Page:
THERE'S ONLY ONE WAY IT'LL HAPPENBy Mike Mazzeo
Peyton Manning? Rex Ryan said he'd take Manning. I would, too. But let's say Manning isn't on the table. Then what?
The Jets could try to trade up on draft day and land Heisman winner Robert Griffin III, but they have so many other needs elsewhere -- they need to get younger and faster on defense -- and brass isn't going to want to admit it made a mistake by trading up in 2009 to land Sanchez.
Sanchez -- who is due a $2.75 million roster bonus in March -- established career highs in both passing yards and touchdowns this season, but he needs to improve his completion percentage and cut down on the turnovers.
The Jets, meanwhile, are trying to sell everyone from the Jaguars to Jets fans on offensive coordinator Brian Schottenheimer. Not going to work.
The Jets need to make a change there -- whether it's promoting Bill Callahan or hiring Josh McDaniels. Sanchez shouldn't be throwing the ball 59 times in a game or completing just two pass plays of 40 or more yards on the season.
Someone needs to put Sanchez in the best position to succeed, and that someone isn't Schotty.
GM Mike Tannenbaum would also be wise to bring in a veteran backup who will push Sanchez.
Sanchez has won four playoff road games -- a fine accomplishment -- but he needs to take that next step to becoming an elite quarterback.
It's up to Tannenbaum to make sure that happens. That's why he needs to put the right pieces -- from players to coaches -- around Sanchez.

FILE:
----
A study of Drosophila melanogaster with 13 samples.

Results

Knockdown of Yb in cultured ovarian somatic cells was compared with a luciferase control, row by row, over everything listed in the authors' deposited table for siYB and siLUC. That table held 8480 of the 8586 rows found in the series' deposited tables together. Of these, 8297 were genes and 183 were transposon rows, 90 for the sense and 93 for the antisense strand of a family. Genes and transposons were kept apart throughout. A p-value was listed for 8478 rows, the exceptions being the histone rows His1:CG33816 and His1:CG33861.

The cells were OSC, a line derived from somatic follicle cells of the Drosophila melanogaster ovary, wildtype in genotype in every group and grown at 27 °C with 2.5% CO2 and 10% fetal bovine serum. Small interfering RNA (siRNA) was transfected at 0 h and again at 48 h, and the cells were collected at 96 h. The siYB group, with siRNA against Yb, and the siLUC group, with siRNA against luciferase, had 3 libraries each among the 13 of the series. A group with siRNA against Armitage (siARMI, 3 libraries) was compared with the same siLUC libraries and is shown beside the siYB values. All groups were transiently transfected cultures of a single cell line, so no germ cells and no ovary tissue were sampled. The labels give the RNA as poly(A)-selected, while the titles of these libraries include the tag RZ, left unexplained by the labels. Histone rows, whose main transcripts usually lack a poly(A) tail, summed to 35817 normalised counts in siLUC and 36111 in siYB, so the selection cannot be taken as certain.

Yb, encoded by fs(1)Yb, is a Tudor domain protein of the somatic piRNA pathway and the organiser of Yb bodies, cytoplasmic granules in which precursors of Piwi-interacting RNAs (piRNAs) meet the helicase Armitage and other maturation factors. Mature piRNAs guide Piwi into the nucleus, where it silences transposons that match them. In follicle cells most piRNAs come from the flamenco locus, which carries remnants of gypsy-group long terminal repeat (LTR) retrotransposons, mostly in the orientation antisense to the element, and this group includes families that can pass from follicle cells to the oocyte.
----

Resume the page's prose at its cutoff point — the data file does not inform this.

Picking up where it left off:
That's the only way it can work.
DOESN'T LOOK LIKE HE'LL EVER BE ELITEBy Jane McManus
Could be scheme, could be talent; it's hard to know.
The Jets threw passes of more than 40 yards just three times this season, and one of those was at the hand of rookie wide receiver Jeremy Kerley in the Wildcat. Sanchez doesn't launch those hold-your-breath passes that fans love to see from Eli Manning, Drew Brees or any of the other first-tier quarterbacks.
Look at Cam Newton, a rookie. You can see him developing into an NFL quarterback as the games go by. With Sanchez, you don't.
He's not in the elite category. He's probably not going to get there.
Critics say he's taken a step back on the field, but he's taken a step back in terms of candor as well. In interviews, he went from witty and informative to clichéd and reluctant, like a sullen teen angrily closing his door.
That said, Sanchez reached the AFC Championship Game twice. He did that while playing behind one of the best offensive lines in the league. That line took a step back this season when there were no serviceable backups.
The Jets traded up and opened the bank to pay Sanchez. They are tied to him for at least another year. He may not be a Hall of Fame quarterback, but he could get the job done if he has the right pieces around him.